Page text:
Old sound fighting back as the fast beat loses lustre in Congo

Dennis Okeyo | NATION
Ferre Gola (left) with promoter Jules Nsana arrive at Jomo Kenyatta International Airport when he came to perform in Kenya last December. Ferre Gola and Fally Ipupa are leading the revival of old school rhumba in DR Congo.

What you need to know:

  • Koffi Olomide proteges take Brazzaville and Kinshasa by storm as rhumba sound rings out loudly once again

There is a revolution of sorts going on in Congolese music. It’s anchored mainly in the Democratic Republic of Congo, but it’s reverberating across the river in Congo Brazzaville as well.

No, it is not a new musical sound, rather it is a nostalgic venture; a blast from the past, if you wish. It’s a return to the sound and style that largely defined Congolese music from the 1950s.

We are talking about Congolese rhumba, pioneered by such greats as Antoine Wendo Kolosoyi, Jhimmy, Joseph Kabasele (Grand Kalle Jeff), and Charles Mwamba, among others.

The sound was perfected by the superb generation of Dr Nico wa Kasanda, Dechaud, Tabu Ley and the grandmaster, Luambo Luanzo Makiadi, who was popularly known as Franco.

Fighting back

Rhumba then took a back seat, replaced by the fast-paced, boisterous ndombolo and kiwanzenza, the hallmark of the third generation Congolose musicians. But rhumba is fighting back. We are, once again, being treated to the music of talented artistes who can actually sing.

It’s the return of the golden era that saw mere radio jingles turned into great songs like Savon Omo, which was actually about Tabu Ley (Paschal Rochereau’s fascination with a revolutionary new detergent. The song Astral was about a bathing soap while Franco’s Azda was in praise of the dealership of German Volkswagen beetle.

The return of rhumba threatens the livelihood of the loud young men who made careers as chanters or animators, popularly known in Lingala as Atalaku.

Leading the new rhumba revolution is versatile composer, lyricist and band leader, Koffi Olomide. The flamboyant 54-year-old musician, who has a string of nicknames including Mopao and Sarkozy, has churned out numerous hits in his long career.

Even at the height of the Atalaku innovation, Koffi continued to record rhumba songs.

The new rhumba has a definite Koffi stamp on the sound, with some of the best proponents being his own protégés.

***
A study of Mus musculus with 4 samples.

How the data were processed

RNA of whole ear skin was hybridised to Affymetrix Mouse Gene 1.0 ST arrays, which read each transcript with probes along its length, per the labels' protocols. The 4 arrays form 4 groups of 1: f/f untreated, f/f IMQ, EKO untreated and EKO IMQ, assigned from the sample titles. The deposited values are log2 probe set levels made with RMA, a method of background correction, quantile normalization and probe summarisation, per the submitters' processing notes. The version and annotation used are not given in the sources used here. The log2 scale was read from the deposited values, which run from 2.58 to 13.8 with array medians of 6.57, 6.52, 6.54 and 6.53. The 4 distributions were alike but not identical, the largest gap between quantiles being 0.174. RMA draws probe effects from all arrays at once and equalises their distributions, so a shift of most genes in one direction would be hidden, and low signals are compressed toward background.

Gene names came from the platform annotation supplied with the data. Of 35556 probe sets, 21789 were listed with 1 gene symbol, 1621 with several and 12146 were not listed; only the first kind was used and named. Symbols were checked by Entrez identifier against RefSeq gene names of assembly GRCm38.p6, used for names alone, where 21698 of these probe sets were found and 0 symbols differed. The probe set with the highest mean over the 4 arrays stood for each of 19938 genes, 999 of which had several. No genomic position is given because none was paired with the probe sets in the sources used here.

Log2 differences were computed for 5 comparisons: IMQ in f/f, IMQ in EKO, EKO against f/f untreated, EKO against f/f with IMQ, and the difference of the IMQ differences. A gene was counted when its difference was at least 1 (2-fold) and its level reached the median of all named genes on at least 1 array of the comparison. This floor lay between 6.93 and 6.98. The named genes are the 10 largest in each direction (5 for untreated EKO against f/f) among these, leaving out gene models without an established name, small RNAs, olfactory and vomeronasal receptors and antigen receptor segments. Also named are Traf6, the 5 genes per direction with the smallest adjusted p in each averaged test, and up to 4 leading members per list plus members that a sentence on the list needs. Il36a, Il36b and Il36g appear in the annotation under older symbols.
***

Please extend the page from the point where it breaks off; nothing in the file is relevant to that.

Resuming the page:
The brightest stars of Congolese music today are, no doubt, Fally Ipupa and Ferre Gola.

Both have similar singing styles. Fally, who did great songs with Koffi, including Ko ko ko and Nouvel Recru, has gone further to create his own sound. His collaboration with G-Unit’s Olivia in the song Chaise Electrique has the American girl doing her hip hop, with some singing in Lingala by Fally.

His Associe song also has a good feel and it’s not surprising that Fally is getting invitations to perform in some revered venues abroad, especially in France, and is winning awards.

Promising protégé

Ferre Gola, formerly with Werra Son’s Wenge Musica Maison, Mere did his Vita Imana, a tribute to Vita and Imana, two top Congolese soccer teams. Both Vita and Imana are based in Kinshasa and have a fanatical following. He was having a go at embracing both of them.

Another promising Koffi protégé is Buoro Mpela, who teams up with his brother, Alain. They have recorded some beautiful rhumba sounds.

Of course, the Wenge clan has always excelled at rhumba sounds. Before the split of the original Wenge Musica in the late 1997, which many fans still regret to this day, the group recorded a string of hits.

But JB Mpiana, as the leader of Wenge Musica BCBG, is generally recognised as one of the best crooners in Lingala. His arch rival, Werra Son, Ngiama Makanda, is not to be left behind. One of the best tunes from his Wenge Musica Maison Mere is Solala Bien. He has a string of other hits.

As veteran radio broadcaster Fred Obachi Machoka said recently: “Most Lingala music fans now prefer to listen to mid-tempo rhumba ballads.”

Among the newcomers on the Congolese music scene is beautiful songbird Barbara Kanam. The singing sensation from Katanga, who extends her appeal in the region with her mastery of the lingua franca of Eastern Africa, Kiswahili, has an outstanding song, Shardin d’amour.